Black Butterfly (2017)

Black ButterflyStarring Antonio Banderas, Jonathan Rhys Meyers, Piper Perabo

Directed by Brian Goodman


Paul (Antonio Banderas) continues the horror tradition/trope of a blocked, alcoholic writer going to a remote cabin in the woods to recapture his mojo, while a shifty drifter named Jack (Jonathan Rhys Meyers) does his bit in providing the cypher of the seemingly random, mysterious stranger. There’s also a pretty lady, Laura (Piper Parabo), who does little other than the damsel-in-distress routine. Oh, and of course there’s the added tension of a series of unsolved murders in the area.

There’s certainly not much in the way of originality when it comes to Black Butterfly, but I don’t mind that as long as the cast and filmmakers bring their A-game and add some stylistic pizzazz.

When we first meet Paul, he’s holed up in his retreat with a bottle of booze and a typewriter (yes, a typewriter), writing one phrase over and over again: “I am stuck.” After a while, he decides he needs a change of scenery, so he heads to his local watering hole. On the way into town, he’s involved in a roadway altercation with some hooligans. Turns out, they’re all headed to the same place. That’s where Paul meets Jack, who gives off some super-sinister vibes. So what does Paul do? He invites the strange stranger to come and live with him! Well, Jack is a handyman, so it makes sense. (OK, not really. But at this point in the film, I was still trying to get on board.) As soon as Jack finds out Paul is a screenwriter, and that he’s having some trouble getting his story flowing, Jack decides to help…. by taking Paul and Laura hostage. “Why I didn’t toss you out on day one is baffling to me!” Paul yells at him. Yup. I had been wondering that exact thing for the entire runtime.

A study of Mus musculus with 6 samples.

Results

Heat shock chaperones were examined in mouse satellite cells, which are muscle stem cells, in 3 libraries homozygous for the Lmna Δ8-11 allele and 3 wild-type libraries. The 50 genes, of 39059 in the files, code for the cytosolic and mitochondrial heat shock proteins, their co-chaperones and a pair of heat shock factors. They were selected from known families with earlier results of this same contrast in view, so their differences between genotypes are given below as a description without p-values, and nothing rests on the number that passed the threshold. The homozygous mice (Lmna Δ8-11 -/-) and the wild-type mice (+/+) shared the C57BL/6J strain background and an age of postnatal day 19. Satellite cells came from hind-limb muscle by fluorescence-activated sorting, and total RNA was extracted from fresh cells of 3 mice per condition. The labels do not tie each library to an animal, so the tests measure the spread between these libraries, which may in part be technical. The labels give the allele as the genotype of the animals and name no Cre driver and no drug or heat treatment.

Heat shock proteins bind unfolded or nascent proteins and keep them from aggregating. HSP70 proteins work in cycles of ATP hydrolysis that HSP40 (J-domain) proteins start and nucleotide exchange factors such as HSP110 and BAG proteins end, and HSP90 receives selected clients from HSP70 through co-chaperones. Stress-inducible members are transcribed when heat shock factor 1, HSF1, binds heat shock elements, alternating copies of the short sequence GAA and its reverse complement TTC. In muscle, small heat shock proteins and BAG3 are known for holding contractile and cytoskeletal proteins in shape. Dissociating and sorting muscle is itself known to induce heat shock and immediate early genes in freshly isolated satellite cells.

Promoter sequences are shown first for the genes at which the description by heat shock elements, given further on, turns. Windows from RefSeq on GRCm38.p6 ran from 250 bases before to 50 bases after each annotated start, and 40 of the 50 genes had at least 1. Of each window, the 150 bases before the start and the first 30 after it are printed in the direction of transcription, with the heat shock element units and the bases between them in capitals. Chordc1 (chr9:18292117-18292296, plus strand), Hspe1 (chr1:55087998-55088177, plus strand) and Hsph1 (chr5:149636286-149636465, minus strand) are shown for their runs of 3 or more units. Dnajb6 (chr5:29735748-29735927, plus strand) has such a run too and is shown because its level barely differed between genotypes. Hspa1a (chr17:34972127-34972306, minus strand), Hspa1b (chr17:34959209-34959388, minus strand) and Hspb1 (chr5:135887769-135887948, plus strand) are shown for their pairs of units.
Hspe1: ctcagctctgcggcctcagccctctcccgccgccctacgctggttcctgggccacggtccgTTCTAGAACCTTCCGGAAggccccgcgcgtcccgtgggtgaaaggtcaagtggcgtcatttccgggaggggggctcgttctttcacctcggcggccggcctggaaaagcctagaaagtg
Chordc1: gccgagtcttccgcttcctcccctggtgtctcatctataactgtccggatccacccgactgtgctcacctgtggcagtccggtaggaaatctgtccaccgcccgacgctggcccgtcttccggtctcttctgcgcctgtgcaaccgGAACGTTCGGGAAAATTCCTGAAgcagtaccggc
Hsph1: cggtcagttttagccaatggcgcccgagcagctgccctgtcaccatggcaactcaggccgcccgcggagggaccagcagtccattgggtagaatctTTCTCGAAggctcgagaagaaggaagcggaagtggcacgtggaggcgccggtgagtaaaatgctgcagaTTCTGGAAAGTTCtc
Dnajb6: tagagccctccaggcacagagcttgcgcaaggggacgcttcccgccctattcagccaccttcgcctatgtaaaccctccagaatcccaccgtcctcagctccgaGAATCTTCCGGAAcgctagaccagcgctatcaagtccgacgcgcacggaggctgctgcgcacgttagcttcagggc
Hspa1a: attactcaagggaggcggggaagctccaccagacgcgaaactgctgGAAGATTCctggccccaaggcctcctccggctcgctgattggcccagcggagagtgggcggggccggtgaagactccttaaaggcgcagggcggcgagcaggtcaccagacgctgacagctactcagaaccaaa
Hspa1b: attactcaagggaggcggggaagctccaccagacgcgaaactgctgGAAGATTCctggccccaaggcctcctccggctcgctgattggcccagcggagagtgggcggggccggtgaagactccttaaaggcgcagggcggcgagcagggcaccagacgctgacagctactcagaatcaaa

While Black Butterfly is an adaptation of the acclaimed French thriller, “Papillon Noir”, whatever was compelling on the page certainly does not work on the screen. Directed by Brian Goodman (who’s better-known as an actor) and written by Marc Frydman and Justin Stanley (whose collective credits include little of note) in humdrum paint-by-numbers fashion, there is little-to-nothing to keep the viewer interested. If you’re making a silly thriller, that’s OK… just have some fun with it. But alas, Black Butterfly takes itself as seriously as a Twitter troll. I’m willing to forgive at least a little bit, as long as there is something cool for me to look at or hear. Sadly, the cinematography and score is as dull as the rest of this snoozefest. There is a twist at the end – similar to tons of others we’ve all seen many, many times – and hey, it looks like there might be a saving grace after all. But then, there’s another twist. Sigh.

The only reason Black Butterfly gets any stars at all is because I’m a fan of both Banderas and Rhys Meyers (though admittedly, both turn in “paycheck performances” here), and there’s an acting cameo from slasher/exploitation legend, Abel Ferrara. He’s always worth the price of admission.